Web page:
Spinoff Odds & Ends: thyssenkrupp Buyer, Conti’s Delayed IPO and Gannett Proxy Battle Victory

Let’s kick off the week with another edition of the always eclectic Spinoff Odds and Ends:

1) Thyssenkrupp Update

We provided an update on thyssenkrupp’s (TKAMY) new ‘strategic direction’ last week. The JV with Tata Steel is out and the elevator business spinoff was scrapped for an IPO instead. Just a few days later though, the story seems to have taken yet another twist. Instead of an IPO, the business might just end up sold to Finland’s Kone. According to Reuters (they seem to have the inside scoop on all things thyssenkrupp), Kone is currently ‘assessing the viability of a bid’ for the business, but there are concerns about its ability to fund the deal as well as potential anti-trust concerns. Oh, is that all? Nope, analysts at Barclay’s also raised the possibility of labor opposition to a deal, but noted that the potential synergies may ultimately tip the scales towards M&A. The article also notes that other companies, such as Schindler, are also interested in the business.

thyssenkrupp shares jumped over 7% on the news, but according to Retuers, thyssenkrupp’s management apparently still favors an IPO. The idea is to go for the ‘guaranteed’ execution, but once an asset is in play, there usually isn’t much that can be done. This should be interesting to watch.

2) Continental Delays Powertrain IPO

Continuing the theme of spinoffs not going as planned, automotive tier 1 giant Continental AG (CTTAY) announced that it would delay its planned powertrain listing to 2020. The new company will be named Visteco Technologies. Conti’s first quarter was a rough one and saw both automotive volumes and operating profit decline. Investment also increased which is really not a great combo. Timing for the listing will ultimately depend on ‘market conditions’, but the company will provide a status update at the end of the year. ‘Market conditions’ is a commonly used and extraordinarily vague euphemism for ‘whenever we feel like it might do well and have no idea when that might be, but we don’t want this to flop’. The company is upbeat about its prospects for the second half of the year though so perhaps this might turn out as planned.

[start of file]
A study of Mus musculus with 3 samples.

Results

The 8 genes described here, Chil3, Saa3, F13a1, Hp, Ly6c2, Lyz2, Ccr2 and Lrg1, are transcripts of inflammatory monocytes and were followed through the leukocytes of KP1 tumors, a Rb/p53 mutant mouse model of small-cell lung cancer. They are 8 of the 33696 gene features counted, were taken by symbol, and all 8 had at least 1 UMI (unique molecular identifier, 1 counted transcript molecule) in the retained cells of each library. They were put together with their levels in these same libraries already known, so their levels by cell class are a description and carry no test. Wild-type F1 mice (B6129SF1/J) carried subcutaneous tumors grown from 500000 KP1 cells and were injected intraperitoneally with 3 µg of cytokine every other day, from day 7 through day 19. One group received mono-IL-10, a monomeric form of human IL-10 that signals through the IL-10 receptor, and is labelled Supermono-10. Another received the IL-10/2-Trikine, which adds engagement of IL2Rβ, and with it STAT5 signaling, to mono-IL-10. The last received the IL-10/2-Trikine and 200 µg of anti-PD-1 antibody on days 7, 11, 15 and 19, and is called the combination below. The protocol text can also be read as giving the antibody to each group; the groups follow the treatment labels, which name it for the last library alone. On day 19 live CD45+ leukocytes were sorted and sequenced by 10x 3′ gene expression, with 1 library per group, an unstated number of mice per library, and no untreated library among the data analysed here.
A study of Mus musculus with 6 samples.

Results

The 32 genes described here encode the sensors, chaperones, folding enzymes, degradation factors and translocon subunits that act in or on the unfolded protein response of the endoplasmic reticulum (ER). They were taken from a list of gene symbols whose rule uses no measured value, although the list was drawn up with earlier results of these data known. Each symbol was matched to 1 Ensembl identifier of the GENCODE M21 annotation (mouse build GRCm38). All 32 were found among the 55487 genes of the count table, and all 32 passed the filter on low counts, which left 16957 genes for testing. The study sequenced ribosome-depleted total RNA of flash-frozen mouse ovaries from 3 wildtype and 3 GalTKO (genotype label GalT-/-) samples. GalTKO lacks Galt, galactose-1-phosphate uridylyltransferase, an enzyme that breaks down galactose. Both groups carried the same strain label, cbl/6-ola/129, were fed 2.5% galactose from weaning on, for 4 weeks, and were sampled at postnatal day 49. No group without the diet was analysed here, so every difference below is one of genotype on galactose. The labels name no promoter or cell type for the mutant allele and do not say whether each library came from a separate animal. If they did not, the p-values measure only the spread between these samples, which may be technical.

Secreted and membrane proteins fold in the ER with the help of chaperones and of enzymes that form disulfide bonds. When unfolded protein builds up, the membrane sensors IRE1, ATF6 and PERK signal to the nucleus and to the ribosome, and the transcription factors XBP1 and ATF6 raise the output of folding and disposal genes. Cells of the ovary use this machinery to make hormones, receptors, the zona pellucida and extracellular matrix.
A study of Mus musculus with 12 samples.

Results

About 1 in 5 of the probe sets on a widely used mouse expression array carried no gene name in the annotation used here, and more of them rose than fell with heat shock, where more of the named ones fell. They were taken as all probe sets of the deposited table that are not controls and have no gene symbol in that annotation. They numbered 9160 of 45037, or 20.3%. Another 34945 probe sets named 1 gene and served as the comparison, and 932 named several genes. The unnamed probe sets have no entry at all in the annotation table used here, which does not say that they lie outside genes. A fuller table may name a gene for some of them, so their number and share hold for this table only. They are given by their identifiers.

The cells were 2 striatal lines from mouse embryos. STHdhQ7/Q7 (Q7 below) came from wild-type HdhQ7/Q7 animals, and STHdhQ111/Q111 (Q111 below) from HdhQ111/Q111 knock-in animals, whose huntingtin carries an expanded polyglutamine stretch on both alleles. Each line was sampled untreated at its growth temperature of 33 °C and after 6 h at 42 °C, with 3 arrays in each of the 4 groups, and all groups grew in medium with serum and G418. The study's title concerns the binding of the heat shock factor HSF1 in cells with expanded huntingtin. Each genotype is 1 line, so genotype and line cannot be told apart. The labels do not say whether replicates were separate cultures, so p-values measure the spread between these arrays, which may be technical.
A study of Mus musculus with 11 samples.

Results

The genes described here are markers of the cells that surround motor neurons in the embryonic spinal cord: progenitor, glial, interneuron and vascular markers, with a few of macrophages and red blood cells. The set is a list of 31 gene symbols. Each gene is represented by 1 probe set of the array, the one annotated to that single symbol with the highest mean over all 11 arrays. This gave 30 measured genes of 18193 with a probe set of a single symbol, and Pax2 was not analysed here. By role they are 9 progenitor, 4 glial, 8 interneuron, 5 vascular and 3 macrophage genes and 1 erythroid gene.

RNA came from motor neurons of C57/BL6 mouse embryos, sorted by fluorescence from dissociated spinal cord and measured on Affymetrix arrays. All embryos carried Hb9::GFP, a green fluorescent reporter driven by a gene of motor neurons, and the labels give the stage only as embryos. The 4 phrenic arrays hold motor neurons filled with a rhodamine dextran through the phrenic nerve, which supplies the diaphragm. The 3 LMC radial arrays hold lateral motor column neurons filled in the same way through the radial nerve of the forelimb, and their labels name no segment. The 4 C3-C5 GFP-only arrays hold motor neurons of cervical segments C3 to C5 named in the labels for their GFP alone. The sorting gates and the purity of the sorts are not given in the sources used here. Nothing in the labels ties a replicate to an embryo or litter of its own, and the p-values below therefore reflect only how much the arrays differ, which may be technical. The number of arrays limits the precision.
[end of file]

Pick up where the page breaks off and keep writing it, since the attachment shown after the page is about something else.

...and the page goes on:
3) Gannett Wins Proxy Battle Defeating DFM

We’ve written about this situation a number of times already (here and here for example), but the story just keeps moving forward. Digital First Media (DFM), the media company controlled by ‘slash and burn’ fund Alden Global Management, took its hostile bid for Gannett (GCI) to shareholders earlier this month. The company nominated three directors to the board, but in the end, all lost. Gannett won a clean sweep and all eight of its proposed directors were elected. It wasn’t close and the results were a clear rebuke to Alden and DFM whose reputation and tactics were widely derided. It’s unclear what the fund will do next, but in the meantime Gannett needs to figure out a way to fix its business. Alden may not have been likable, but it wasn’t wrong that the business isn’t in great shape. The first step will be finding a permanent CEO after Bob Dickey left earlier this year, but after that, things get tricky. Bloomberg’s Brooke Sutherland suggests paying execs less, but that isn’t going to grow the top line. Hopefully, the company can figure something out that leaves shareholders and employees in a better situation than a sale to an ‘evil’ fund.

Disclosure: Author holds no position in any stock mentioned.